DanceTelevision News

Thu. 1 December 2016

DanceTrippin asks... Dave Seaman

In the latest edition of DanceTrippin asks, we are honored to present to you Dave Seaman, veteran behind the decks, co-founder of Selador recordings and an all around interesting character. Dave was kind enough to gather some thoughts on his career, what's he up to these days and more. 

  1. Many different styles can be found in your music, with an illustrious career spanning 25 years performing in many different countries. What major influences along your journey would you heavily influenced your style?

From the New York nightlife scene of the eighties and the early days of acid house at The Hacienda to traveling to more than 80 countries to DJ over the course of the last 25 years has all been an influence. All of those experiences add up and shape your viewpoint. And it continually changes. Burning Man Festival has been a big inspiration these last couple of years. That place can’t help but have a big effect on you. 

  1. You grew up in Leeds, Yorkshire, not necessarily known as a clubbing hotspot in the north of the country. What major steps did you take to get your name out there in the beginning days? 

Ha! I beg to differ. Leeds has had a strong clubbing culture for 3 decades or more. The Warehouse is still going strong, as is Dave Beer’s Back To Basics. But I will admit that my career in the industry only really started once I moved to London. I was very lucky to land a job at Mixmag in 1987. 

  1. Your first legendary night at Shelley’s in Stoke, 1990, where you played vinyl alongside then-newcomers Sasha and Laurent Garnier. In a world predominantly focused on digital and not analogue, do you have a preference between the two? 

There’s no doubt that digital is much more convenient. I don’t miss carrying heavy boxes of records around the world. But there’s something very appealing about analogue too. Especially when in the studio. Digital can feel a bit like a ready meal compared to analogue’s ‘made from scratch’ authenticity. 

  1. As mentioned earlier, you've played in many different countries and continents around the world, with no signs of holding back yet. Is there something particularly unique about Amsterdam parties?

There’s a long rich history of clubbing in Amsterdam and I think the authorities there have played a big part in that. Whereas a lot of cities seem intent on sucking the life out of their nightlife, Amsterdam, like Berlin, has always celebrated it and it’s liberal laws and attitude have helped with that. The first time I DJ’ed there was at The Roxy in 1995 and every time I’ve been since, I’ve always had a great time. From the legendary Earth Parties at Melkweg, Motion at Panama and many more besides, a night out in Amsterdam is always a good one.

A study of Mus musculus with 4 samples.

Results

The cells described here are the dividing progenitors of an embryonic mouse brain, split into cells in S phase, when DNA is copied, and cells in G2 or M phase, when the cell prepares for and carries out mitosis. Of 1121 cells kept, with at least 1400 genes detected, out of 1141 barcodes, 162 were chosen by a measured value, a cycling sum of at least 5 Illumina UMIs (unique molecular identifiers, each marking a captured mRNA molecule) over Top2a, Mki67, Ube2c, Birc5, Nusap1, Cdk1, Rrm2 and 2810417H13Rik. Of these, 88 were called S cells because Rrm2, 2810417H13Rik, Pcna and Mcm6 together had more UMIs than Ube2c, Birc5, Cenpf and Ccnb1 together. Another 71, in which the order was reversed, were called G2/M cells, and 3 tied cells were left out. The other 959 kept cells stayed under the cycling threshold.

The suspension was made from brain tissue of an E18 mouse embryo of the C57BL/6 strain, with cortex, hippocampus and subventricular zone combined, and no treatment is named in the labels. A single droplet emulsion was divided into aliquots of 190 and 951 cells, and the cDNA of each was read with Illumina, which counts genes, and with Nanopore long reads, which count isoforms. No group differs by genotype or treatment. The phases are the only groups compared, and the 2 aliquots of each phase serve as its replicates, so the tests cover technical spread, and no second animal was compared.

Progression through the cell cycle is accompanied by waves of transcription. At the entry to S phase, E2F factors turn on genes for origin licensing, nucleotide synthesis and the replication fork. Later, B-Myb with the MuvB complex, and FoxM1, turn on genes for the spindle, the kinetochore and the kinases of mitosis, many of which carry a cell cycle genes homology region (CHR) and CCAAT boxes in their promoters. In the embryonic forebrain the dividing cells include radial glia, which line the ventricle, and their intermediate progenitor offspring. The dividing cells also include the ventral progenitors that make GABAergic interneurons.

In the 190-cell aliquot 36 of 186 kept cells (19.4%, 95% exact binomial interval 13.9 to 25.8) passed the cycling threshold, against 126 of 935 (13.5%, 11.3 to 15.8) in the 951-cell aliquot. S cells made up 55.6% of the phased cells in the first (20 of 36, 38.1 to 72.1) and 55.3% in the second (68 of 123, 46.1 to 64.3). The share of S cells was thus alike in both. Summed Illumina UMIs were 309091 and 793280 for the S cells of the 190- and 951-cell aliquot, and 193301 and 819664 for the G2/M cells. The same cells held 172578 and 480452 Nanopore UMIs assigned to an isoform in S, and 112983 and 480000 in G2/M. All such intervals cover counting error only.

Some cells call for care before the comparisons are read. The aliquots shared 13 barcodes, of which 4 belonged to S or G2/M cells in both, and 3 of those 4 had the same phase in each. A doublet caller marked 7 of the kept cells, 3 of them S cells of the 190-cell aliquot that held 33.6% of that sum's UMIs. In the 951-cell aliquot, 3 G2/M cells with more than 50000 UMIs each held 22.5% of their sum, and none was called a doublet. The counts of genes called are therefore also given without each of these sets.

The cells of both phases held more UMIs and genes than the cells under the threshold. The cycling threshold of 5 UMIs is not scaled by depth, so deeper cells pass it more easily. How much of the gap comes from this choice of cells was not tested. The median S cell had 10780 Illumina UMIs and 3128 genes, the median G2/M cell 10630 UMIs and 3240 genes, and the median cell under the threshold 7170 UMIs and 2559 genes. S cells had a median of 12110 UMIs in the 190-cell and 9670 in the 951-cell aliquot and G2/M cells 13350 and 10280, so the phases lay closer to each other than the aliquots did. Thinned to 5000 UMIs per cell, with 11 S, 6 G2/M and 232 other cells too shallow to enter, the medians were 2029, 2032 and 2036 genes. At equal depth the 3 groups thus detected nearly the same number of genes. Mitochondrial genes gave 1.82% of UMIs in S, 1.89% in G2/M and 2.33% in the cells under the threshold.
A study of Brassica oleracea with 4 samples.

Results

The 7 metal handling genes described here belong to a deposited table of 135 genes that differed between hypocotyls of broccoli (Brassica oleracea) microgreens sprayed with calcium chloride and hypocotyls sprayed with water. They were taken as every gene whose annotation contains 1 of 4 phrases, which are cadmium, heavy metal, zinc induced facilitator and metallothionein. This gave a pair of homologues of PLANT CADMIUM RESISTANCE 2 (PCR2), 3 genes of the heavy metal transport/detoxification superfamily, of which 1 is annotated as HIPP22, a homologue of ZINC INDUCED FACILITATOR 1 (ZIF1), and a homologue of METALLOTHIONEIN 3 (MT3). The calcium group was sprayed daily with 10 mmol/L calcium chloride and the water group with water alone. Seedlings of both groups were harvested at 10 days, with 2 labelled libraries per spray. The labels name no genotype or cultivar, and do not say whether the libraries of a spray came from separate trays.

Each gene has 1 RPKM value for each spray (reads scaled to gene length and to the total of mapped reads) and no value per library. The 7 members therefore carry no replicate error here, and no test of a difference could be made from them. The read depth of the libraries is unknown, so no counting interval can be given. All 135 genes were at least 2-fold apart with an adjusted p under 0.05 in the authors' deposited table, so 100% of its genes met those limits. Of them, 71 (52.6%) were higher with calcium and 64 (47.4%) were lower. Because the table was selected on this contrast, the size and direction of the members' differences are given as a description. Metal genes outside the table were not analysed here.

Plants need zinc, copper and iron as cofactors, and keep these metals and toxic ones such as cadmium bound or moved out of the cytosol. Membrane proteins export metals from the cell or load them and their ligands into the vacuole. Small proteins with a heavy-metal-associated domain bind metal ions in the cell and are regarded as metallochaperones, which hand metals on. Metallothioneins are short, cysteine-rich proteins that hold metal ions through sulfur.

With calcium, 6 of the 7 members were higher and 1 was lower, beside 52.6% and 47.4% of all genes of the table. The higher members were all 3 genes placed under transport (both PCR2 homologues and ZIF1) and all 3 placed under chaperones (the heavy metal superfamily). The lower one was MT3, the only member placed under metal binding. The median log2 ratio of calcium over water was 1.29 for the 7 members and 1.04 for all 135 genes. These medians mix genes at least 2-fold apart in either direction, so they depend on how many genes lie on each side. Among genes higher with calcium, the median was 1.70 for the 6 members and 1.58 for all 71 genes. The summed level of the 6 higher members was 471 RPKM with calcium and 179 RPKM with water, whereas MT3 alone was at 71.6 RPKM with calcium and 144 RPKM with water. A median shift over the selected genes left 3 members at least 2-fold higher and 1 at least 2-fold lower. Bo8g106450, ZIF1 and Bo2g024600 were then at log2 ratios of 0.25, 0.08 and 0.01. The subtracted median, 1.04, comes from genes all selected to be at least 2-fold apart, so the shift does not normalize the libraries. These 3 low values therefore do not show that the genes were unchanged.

1. How was this year's Amsterdam Dance Event?

It was great. Still the best conference on the Dance Music Industry calendar for me. You can actually get quiet a lot of business done there in between all the parties. Plus, we got to do our first label ADE party this year together with our friends at Sincopat, which was a big success. And it’s in Amsterdam! So what’s not to like?!

  1. What else is on the cards for Dave Seaman in next 5 years? Is there anything you're still inspired to achieve?

I’d like to do an artist album. That’s the one thing that I’ve wanted to do for a long time now but it takes such a big commitment of time it’s been hard to make it happen. It will though. One day :)

  1. How have the past few years been for you co-founding your own label, particularly with it celebrating it's 50th release, with support by John Digweed, Nic Fanciulli, Sasha, Nicole Moudaber, Hot Since 82, Adam Beyer, etc?

We’ve put in a lot of hard work but it finally seems to be paying off. We’ve only been around for 3 and a half years so to have achieved what we have so far we can only be happy. It’s a competitive market. There’s so much music and so many labels so to make your mark takes a lot of time and effort and dedication. But we love it. It’s a labour of love. Here’s to the next 50!

  1. Describe 3 crucial moments in Selador Recordings existence?

In September 2014, we released an EP from Robert Babicz. He was of the main people we both had on our shortlist of artists to work with us. This made us feel like we were going in the right direction, having Robert on board. He’s been great with us, delivering several originals, EP’s and lots of great remixes.

The SHOW-B remix of Jaap Ligthart & Alice Rose – I know Change, furthermore, certainly put us on the map and helped us climb up another rung of the musical ladder.

It was a funny one that whole release. Jaap originally delivered it as an instrumental track, and I said to him it needed something, maybe a vocal. He then delivered it with Alice’s vocal a few weeks later and we loved it. But trying to find a remixer for this track was a nightmare- we must have had the knock back from 100 remixers, we thought we were losing the plot ourselves, but we persevered and we ended up with SHOW-B and Him_sel_her remixes that were superb.

Ended up being huge for Maceo PlexAmeDixonSven VathDanny TenagliaSolomun… everybody really… And is our biggest selling track..!

  1. Any interesting upcoming Selador projects?

Our next one is a new EP from Quivver – we love him here, so always happy to have another from him! Then we have Joal’s new track ‘the Magician’ featuring great vocals from Piermaria Chapus that has remixes from Steve Parry, Several Definitions and Jozif. Starting the New Year off, we have a collection of 12 artists with 12 tracks that should raise a few eyebrows!